This article appeared first in The Telegraph
The number of company liquidations has now returned to pre-crisis levels, although fears about ‘zombie’ companies remain.
Company insolvencies have fallen back to pre-crisis levels, with the number of liquidations in the first three months of the year at the lowest number since late 2007.
Some 4,052 businesses were dissolved in the first quarter of the year, a 6pc drop on the same time a year ago. However, the number of compulsory liquidations rose 9.3pc on the previous quarter to 904.
Graham Bushby, head of restructuring and recovery at accountancy firm Baker Tilly, said a significant number of companies were servicing their debts on an interest-only basis, which could leave many companies in a vulnerable position if interest rates were to rise.
“The statistics don’t really tell the whole story as there are many companies still experiencing significant financial distress and a number of reasons why we could see insolvency levels rising again within the next one to two years,” he said. “Zombie” companies have been a concern for many economists, who say they risk slowing Britain’s economic recovery if a rise in interest rates pushes them out of business.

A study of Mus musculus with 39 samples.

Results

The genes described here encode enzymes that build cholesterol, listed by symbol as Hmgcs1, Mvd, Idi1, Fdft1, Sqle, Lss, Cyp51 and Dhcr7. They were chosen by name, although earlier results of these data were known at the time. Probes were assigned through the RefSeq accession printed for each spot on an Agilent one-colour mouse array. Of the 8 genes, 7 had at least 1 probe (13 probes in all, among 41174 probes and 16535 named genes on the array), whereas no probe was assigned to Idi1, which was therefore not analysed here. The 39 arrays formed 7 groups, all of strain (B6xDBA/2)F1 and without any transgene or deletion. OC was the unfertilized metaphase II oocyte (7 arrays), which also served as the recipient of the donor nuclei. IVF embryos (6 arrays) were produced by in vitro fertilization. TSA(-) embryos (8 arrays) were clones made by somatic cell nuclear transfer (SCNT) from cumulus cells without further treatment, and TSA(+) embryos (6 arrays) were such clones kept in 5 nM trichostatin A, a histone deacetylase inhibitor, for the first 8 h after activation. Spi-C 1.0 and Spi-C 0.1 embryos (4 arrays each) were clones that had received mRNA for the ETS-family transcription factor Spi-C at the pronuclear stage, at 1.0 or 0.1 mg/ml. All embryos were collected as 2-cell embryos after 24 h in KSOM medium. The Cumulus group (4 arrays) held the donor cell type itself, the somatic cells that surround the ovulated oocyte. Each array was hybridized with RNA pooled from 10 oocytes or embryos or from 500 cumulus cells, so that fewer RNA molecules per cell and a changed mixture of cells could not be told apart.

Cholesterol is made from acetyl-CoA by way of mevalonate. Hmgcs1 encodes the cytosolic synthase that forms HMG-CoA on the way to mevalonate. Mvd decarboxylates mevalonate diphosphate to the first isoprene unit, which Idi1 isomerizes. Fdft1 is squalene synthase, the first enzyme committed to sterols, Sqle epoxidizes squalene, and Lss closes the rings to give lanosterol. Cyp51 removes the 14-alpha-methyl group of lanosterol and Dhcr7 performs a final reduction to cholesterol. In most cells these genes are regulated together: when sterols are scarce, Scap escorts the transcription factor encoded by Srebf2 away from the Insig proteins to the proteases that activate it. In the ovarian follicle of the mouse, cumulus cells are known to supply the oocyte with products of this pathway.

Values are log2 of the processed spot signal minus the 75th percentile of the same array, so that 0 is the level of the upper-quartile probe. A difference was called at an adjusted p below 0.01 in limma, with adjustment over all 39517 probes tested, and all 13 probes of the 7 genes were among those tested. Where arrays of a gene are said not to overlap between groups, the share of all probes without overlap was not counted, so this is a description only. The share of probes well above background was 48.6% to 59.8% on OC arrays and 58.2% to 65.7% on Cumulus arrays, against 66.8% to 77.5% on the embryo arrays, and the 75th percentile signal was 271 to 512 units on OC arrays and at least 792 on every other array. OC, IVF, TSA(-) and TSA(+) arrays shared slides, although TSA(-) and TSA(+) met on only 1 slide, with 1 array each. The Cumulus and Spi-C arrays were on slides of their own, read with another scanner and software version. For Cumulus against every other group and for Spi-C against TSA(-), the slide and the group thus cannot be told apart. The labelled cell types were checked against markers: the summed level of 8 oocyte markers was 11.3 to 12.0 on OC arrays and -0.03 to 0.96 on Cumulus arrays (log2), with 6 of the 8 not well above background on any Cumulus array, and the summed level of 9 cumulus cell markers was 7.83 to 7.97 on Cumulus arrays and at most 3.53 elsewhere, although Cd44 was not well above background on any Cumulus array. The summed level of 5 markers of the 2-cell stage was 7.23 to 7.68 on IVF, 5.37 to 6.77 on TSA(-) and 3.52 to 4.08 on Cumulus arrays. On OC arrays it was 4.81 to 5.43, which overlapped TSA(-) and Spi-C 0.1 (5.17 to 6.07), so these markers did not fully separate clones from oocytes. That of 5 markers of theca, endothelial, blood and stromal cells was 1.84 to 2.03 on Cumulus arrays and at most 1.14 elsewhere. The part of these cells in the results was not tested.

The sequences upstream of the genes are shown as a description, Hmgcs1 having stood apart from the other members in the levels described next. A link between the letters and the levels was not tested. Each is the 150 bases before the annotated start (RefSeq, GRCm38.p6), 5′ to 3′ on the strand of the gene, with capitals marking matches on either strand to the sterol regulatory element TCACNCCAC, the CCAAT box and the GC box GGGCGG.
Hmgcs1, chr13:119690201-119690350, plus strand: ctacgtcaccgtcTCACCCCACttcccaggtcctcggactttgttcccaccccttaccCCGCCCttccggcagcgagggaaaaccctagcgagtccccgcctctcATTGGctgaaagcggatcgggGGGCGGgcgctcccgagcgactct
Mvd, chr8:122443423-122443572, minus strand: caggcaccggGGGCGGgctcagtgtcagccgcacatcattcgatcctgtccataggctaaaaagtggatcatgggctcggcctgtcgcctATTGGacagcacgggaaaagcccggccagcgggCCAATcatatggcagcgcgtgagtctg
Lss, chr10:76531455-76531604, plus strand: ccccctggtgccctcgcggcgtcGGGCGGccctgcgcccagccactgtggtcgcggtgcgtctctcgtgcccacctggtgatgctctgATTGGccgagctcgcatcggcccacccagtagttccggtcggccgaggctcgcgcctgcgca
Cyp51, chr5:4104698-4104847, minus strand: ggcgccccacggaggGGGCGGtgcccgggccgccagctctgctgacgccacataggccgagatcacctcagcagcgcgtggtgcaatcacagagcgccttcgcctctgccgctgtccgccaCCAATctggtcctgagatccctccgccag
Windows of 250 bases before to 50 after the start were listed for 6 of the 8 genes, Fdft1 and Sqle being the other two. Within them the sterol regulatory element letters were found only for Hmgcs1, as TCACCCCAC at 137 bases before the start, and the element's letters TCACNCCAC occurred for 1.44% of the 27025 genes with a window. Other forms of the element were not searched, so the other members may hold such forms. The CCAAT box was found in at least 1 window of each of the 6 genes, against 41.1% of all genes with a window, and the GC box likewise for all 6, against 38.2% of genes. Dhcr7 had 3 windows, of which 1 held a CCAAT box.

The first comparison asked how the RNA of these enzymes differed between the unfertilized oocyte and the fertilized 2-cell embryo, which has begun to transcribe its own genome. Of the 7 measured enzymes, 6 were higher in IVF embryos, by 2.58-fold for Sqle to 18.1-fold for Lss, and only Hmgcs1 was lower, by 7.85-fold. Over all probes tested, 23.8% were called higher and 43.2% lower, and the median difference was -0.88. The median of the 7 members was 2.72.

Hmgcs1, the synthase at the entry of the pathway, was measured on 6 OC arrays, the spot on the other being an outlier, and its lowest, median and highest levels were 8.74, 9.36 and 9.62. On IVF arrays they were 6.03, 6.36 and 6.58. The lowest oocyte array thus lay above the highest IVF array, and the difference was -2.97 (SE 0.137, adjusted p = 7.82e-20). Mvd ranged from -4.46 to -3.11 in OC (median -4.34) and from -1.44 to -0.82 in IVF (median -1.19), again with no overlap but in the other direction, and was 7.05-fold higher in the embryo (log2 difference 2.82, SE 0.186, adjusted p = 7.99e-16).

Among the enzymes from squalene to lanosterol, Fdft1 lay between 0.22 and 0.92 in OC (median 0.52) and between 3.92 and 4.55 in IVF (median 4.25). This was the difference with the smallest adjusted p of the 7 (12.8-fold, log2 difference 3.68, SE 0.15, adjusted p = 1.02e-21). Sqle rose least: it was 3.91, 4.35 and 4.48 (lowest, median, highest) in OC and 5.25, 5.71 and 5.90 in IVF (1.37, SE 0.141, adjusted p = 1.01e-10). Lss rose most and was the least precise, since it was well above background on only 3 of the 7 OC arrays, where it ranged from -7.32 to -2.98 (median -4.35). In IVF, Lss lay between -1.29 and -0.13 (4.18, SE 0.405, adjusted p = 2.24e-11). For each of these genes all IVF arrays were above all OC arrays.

“Low interest rates, banks’ forbearance and, arguably, the leniency of HMRC ahead of a general election have combined to cushion struggling companies,” said Carl Bowles, an insolvency practitioner at accountancy firm Carter Backer Winter.
“However, a rise in interest rates, which is likely to happen towards the end of this year, will increase the cost of money, which in turn will impact on the forbearance models of the banks.”
These firms are typically loss-makers, which, helped by low borrowing costs, can only afford interest repayments on their loans. There are estimated to be around 340,000 “zombie” companies in the UK, a total that has trebled from 109,000 at the height of the recession in 2009.
The number of people becoming insolvent in England and Wales has also fallen, the government data showed.
Almost 21,000 individuals became insolvent in the first three months of the year, the lowest figure since autumn 2005, and a fall of 18.6pc compared to a year ago.